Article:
UPDATED with more industry reaction: Skydance CEO David Ellison had to know there would be critics of his hiring of John Lasseter to run the company’s animation division, but he might not have expected it to be so denounced as what Time’s Up said today.
“Hiring decisions have consequence,” the high-profile organization said in a statement Wednesday after the ex-Pixar chief and much accused Lasseter’s new role was made public. “And offering a high-profile position to an abuser who has yet to do any of those things is condoning abuse.”
The sentiment was echoed by other prominent Hollywood groups including Women In Film, Los Angeles and Women and Hollywood. The former questioned how Lasseter’s past conduct was vetted by Skydance, saying “For women in this industry to feel safe, we need more transparency than the above statement and we need to know what the company plans to do to ensure that safety.”
John Lasseter Hired To Run Skydance Animation; David Ellison Explains Move
Melissa Silverstein, the founder of Women and Hollywood, called the hire “a horrible message to the women at Pixar who stood up and told their truths about their experiences.”
Read all of the statements in full below.
After a series of harassment claims were made against Lasseter, Bob Iger and Disney decided to part ways with him in late in 2018. That transition to a consulting gig that ended on December 31, and followed Lasseter being exiled via a six-month leave of absence by the House of Mouse amid accusations of repeated misconduct and his admission of “missteps.”
Called a “singular creative and executive talent” by Ellison today, Lasseter is set to start his new gig in Skydance’s LA HQ later this months and will report directly to the CEO. The ex-Pixar chief replaces Bill Damaschke, who held the title of President of Animation and Family Entertainment at the company. No word whether Damaschke is sticking around.
Ellison did address Lasseter’s past behavior in his memo to staff today, when he noted that “John has been forthright in taking ownership of his behavior, apologized for his actions and has spent the past year on sabbatical analyzing and improving his workplace behavior.” He added that an investigation had been conducted by Skydance before Lasseter was formally brought on board. “While we would never minimize anyone’s subjective views on behavior, we are confident after many substantive conversations with John, and as the investigation has affirmed, that his mistakes have been recognized.”
Skydance did not respond to request for comment by Deadline on the reaction from Time’s Up on the Lasseter hire. We’ll update if we get a statement from them.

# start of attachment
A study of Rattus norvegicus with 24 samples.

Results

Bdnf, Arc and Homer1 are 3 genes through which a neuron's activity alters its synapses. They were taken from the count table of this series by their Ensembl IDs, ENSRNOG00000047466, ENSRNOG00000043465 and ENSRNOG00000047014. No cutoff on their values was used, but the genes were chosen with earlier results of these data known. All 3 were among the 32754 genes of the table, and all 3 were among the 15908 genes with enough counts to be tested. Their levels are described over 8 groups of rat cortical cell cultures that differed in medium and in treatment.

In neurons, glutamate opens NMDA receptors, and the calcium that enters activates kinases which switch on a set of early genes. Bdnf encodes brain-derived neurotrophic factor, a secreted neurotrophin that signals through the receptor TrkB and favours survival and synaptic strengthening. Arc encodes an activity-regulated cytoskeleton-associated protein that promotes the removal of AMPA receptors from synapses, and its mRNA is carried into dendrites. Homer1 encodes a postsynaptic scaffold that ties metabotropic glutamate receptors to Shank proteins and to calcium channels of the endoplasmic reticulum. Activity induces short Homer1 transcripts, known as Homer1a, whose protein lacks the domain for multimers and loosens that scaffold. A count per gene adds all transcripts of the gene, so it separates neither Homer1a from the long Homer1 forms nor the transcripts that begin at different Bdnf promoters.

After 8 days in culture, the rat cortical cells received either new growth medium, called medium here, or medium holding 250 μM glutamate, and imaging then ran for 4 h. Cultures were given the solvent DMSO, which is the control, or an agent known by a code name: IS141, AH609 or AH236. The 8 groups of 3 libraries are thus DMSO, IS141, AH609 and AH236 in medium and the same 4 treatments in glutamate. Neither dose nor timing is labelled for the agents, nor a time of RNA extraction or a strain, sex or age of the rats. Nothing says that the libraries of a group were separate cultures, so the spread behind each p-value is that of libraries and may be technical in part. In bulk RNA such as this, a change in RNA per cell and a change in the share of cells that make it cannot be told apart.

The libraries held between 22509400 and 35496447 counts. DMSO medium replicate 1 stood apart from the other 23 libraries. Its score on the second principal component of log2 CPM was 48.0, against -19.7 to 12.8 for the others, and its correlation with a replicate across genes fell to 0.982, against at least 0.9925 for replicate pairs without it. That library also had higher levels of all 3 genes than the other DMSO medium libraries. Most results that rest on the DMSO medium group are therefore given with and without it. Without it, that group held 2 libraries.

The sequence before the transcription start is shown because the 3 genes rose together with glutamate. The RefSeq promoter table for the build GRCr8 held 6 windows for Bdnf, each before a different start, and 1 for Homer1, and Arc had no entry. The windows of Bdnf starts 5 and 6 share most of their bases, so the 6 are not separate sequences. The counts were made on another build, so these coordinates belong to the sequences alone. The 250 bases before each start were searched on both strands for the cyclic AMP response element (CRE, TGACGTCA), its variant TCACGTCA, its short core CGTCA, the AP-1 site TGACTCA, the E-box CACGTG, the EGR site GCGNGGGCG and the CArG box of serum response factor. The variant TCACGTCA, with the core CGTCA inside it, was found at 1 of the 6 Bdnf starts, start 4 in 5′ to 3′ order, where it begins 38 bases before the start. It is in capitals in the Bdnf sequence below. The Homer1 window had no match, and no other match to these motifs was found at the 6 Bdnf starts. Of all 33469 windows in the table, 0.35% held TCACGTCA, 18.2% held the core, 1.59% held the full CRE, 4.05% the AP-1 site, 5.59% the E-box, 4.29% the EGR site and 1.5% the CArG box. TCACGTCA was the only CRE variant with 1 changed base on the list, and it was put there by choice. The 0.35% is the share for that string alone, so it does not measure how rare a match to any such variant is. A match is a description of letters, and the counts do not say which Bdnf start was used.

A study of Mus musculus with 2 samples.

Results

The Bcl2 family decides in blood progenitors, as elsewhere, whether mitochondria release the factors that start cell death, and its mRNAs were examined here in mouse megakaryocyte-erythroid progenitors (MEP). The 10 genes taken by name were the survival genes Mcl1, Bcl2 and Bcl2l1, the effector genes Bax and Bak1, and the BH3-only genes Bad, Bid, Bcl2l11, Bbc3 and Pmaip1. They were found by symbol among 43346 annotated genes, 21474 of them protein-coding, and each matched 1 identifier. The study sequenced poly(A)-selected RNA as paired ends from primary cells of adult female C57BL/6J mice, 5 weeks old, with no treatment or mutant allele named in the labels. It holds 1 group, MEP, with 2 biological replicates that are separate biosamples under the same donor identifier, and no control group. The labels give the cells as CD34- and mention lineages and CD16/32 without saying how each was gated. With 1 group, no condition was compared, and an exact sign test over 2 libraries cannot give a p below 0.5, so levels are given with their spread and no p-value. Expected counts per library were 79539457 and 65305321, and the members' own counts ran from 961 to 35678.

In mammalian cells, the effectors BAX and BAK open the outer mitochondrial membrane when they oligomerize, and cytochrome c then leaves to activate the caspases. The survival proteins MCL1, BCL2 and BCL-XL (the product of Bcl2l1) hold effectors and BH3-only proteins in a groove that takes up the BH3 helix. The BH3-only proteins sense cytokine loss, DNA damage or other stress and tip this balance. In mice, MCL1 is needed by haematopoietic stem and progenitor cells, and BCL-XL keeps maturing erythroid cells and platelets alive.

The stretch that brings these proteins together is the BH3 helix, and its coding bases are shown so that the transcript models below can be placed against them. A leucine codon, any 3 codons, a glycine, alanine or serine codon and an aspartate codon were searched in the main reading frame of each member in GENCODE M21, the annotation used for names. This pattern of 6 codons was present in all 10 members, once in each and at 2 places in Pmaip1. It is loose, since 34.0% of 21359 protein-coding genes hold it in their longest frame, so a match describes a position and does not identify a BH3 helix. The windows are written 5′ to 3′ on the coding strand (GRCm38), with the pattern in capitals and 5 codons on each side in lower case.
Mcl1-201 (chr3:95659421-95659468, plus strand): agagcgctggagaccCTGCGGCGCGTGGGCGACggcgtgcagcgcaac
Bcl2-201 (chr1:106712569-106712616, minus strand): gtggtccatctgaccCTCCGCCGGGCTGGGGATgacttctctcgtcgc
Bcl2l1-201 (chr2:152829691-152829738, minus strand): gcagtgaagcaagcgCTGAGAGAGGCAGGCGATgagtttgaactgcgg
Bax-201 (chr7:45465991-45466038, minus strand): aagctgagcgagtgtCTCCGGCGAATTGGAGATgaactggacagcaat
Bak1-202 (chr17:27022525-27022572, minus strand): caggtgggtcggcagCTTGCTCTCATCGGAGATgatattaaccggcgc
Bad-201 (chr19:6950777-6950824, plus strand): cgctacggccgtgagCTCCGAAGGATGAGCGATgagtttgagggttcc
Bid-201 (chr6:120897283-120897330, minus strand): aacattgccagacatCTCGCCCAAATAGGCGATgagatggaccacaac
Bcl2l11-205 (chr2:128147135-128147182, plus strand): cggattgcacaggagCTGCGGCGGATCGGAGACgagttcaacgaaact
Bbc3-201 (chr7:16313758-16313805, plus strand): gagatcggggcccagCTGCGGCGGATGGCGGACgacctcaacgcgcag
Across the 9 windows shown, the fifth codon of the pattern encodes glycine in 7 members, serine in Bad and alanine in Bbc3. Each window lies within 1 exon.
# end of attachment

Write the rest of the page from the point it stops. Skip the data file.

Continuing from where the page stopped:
Here’s the full Time’s Up statement:
Skydance Media’s decision to hire John Lasseter as head of animation endorses and perpetuates a broken system that allows powerful men to act without consequence. At a moment when we should be uplifting the many talented voices who are consistently underrepresented, Skydance Media is providing another position of power, prominence and privilege to a man who has repeatedly been accused of sexual harassment in the workplace.
People often ask when a man who has abused his power “gets” to “come back.” There is no simple answer. But here are a few first steps:
1) Demonstrate true remorse.
2) Work deeply to reform your behavior.
3) Deliver restitution to those you harmed.
That’s the bare minimum.
Hiring decisions have consequences. And offering a high-profile position to an abuser who has yet to do any of those things is condoning abuse.
Here’s Women In Film LA’s statement:
Lasseter’s innappropriate touching and kissing has been reported by a number of women – from colleagues to subordinates. In the statement from Skydance, David Ellison says, “Lasseter has been forthright in taking ownership of his behavior, apologized for his actions and has spent the past year on sabbatical analyzing and improving his workplace behavior.” He also says that Skydance had “employed outside counsel to investigate the allegations.”
What does this mean? For women in this industry to feel safe, we need more transparency than the above statement and we need to know what the company plans to do to ensure that safety. By saying Skydance has conducted an independent investigation and then proceded to hire Lasseter, do they mean to suggest that they are hiring him in spite of the numerous accounts of women and colleagues? We do think that people can learn and change, and we look forward to men who model this, but true reparation requires transparency.
Here’s Women and Hollywood’s statement:
I was floored to read that John Lasseter has been hired to run Skydance animation following his removal from Pixar. This is a horrible message to the women at Pixar who stood up and told their truths about their experiences. This is also a message to all that the bro culture is alive and well and thriving in Hollywood.
David Ellison should be ashamed of himself.